Journal, January 18, 1977 PM

This morning I read a good article on world agriculture (ag.) development in the September 1976 “Scientific American.” They say what informed people in the El Salvador ag. development sector were saying, that the third world countries must stress ag. development and development in the direction of maximum yields of grain crops per land unit and intensive use of labor. “Scientific American” was guardedly optimistic that properly directed ag. development can keep food supplies somewhere near demand. They didn’t use the term “redistribution of wealth,” but clearly recommended it, calling for increasing incomes of small farmers.

They cited the relatively short time that the experts have been aware of the “right” way to attack the food problem, and dramatically increased funding of ag. research applicable to third world conditions as reasons for optimism.

<Sofia was so very good & beautiful last evening that it left me half spaced out most of the time.> I found myself completely absorbed just watching her in action. What a very special lady! I hope I can please her as much as she does me.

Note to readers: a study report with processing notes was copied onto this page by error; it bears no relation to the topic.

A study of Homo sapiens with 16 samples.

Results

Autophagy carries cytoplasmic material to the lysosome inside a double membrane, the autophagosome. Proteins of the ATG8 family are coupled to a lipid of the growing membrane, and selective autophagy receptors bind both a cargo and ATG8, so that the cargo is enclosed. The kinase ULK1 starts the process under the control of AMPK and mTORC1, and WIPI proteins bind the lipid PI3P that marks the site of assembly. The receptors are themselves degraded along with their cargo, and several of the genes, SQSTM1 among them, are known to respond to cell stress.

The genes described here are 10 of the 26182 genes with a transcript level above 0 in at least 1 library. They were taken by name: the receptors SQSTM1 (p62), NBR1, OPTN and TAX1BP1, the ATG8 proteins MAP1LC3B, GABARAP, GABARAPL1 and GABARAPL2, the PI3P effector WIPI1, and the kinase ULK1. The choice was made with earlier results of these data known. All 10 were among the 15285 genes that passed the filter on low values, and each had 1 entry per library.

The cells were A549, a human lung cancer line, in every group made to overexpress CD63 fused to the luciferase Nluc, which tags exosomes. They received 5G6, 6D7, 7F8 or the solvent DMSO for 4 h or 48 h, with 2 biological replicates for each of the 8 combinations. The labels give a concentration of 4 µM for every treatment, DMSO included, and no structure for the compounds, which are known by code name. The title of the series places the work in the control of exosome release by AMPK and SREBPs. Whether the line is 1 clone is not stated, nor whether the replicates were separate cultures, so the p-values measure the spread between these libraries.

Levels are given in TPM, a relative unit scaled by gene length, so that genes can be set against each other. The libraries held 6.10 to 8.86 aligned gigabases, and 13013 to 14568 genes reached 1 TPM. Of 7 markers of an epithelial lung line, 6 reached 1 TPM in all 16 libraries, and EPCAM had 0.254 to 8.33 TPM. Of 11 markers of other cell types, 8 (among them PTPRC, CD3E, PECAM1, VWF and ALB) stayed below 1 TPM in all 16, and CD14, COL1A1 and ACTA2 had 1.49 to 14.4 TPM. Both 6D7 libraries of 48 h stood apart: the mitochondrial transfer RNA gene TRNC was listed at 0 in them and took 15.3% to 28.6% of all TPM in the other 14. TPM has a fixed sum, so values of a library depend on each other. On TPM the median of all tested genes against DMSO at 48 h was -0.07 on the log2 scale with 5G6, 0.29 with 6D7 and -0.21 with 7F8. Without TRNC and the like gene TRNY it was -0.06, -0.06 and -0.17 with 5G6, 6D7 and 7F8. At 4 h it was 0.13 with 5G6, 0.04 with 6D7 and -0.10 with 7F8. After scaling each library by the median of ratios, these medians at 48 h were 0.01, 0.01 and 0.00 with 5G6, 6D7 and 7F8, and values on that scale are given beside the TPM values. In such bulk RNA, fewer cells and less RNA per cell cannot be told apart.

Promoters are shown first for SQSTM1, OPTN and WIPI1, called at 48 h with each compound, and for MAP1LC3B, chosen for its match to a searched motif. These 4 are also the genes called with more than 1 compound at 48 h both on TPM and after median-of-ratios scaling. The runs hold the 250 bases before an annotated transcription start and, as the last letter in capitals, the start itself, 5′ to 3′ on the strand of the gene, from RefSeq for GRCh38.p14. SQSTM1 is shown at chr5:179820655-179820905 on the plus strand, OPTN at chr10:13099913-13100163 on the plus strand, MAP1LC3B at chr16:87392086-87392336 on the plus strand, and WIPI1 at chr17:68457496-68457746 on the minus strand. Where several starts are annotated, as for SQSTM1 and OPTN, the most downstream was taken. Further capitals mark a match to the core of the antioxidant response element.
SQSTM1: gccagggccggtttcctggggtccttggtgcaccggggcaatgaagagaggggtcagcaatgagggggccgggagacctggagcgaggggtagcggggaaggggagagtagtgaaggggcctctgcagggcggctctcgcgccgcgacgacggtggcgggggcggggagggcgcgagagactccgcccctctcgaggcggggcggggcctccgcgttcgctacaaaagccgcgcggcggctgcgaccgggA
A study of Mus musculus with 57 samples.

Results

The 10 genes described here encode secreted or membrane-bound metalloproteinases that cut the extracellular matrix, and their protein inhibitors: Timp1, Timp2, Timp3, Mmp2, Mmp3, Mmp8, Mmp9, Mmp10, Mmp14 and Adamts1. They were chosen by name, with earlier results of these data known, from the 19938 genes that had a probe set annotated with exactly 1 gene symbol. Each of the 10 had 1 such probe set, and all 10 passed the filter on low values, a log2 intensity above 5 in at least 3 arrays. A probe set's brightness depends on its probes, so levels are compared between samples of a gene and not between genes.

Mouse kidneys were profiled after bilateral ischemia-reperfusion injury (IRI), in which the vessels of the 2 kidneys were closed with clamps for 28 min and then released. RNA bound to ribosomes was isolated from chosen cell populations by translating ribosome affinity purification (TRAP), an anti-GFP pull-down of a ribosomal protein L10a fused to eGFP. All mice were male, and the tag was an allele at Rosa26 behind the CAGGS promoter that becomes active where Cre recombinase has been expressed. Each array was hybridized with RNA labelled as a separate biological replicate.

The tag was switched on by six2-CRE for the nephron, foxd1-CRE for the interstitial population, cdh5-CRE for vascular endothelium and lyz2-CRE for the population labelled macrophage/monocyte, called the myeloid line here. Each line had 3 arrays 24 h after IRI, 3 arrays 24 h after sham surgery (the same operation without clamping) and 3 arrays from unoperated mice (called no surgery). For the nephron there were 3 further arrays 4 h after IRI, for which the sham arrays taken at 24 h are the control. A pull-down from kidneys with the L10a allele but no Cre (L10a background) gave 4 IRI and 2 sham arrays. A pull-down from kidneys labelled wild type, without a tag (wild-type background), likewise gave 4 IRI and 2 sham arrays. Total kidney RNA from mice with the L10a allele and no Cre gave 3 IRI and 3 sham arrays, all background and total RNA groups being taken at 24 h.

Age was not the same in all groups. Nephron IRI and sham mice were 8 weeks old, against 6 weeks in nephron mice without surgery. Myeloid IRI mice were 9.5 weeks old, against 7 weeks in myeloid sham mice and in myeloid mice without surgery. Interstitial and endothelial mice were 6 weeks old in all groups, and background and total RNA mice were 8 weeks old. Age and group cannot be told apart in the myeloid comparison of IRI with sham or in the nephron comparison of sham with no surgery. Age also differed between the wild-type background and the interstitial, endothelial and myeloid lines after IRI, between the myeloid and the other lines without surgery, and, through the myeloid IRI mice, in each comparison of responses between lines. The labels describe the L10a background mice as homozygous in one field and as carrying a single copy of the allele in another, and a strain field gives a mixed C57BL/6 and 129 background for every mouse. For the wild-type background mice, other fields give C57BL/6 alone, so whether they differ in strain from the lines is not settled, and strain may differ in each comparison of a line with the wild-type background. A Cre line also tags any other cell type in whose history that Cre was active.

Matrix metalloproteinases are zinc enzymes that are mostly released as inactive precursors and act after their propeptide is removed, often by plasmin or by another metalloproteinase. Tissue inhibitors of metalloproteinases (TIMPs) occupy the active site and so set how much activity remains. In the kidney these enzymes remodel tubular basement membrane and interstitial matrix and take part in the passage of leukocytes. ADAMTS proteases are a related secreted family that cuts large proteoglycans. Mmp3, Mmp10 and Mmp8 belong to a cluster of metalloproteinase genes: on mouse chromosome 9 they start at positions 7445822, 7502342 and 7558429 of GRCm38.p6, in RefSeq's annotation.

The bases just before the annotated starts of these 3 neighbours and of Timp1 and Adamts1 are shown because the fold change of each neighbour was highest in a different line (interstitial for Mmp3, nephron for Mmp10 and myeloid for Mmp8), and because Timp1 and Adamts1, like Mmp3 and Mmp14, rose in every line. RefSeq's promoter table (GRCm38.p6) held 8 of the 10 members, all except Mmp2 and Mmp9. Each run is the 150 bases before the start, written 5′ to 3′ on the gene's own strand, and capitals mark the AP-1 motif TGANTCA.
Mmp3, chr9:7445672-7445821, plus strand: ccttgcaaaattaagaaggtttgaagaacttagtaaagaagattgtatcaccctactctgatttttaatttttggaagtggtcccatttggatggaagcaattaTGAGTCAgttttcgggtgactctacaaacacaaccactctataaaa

She is very competent and clearly fully capable of doing just about anything she sets her mind to all by herself. Yet she tries so very hard to please me that I have trouble believing it. What euphoria!

What worries me now is that I’m in danger of being so happy in my private life that I will find no inspiration, no initiative, to be creative, be it in science, literature . . . It is said that discontented men have accomplished the great works of genius (Dante being an oft-cited example).

I sincerely hope that the inherently tragic nature of a human life will be sufficient to spur me (i.e. You can’t get out of it alive!). If I’m destined to be a lackey, I wish to be a very competent and well-informed one.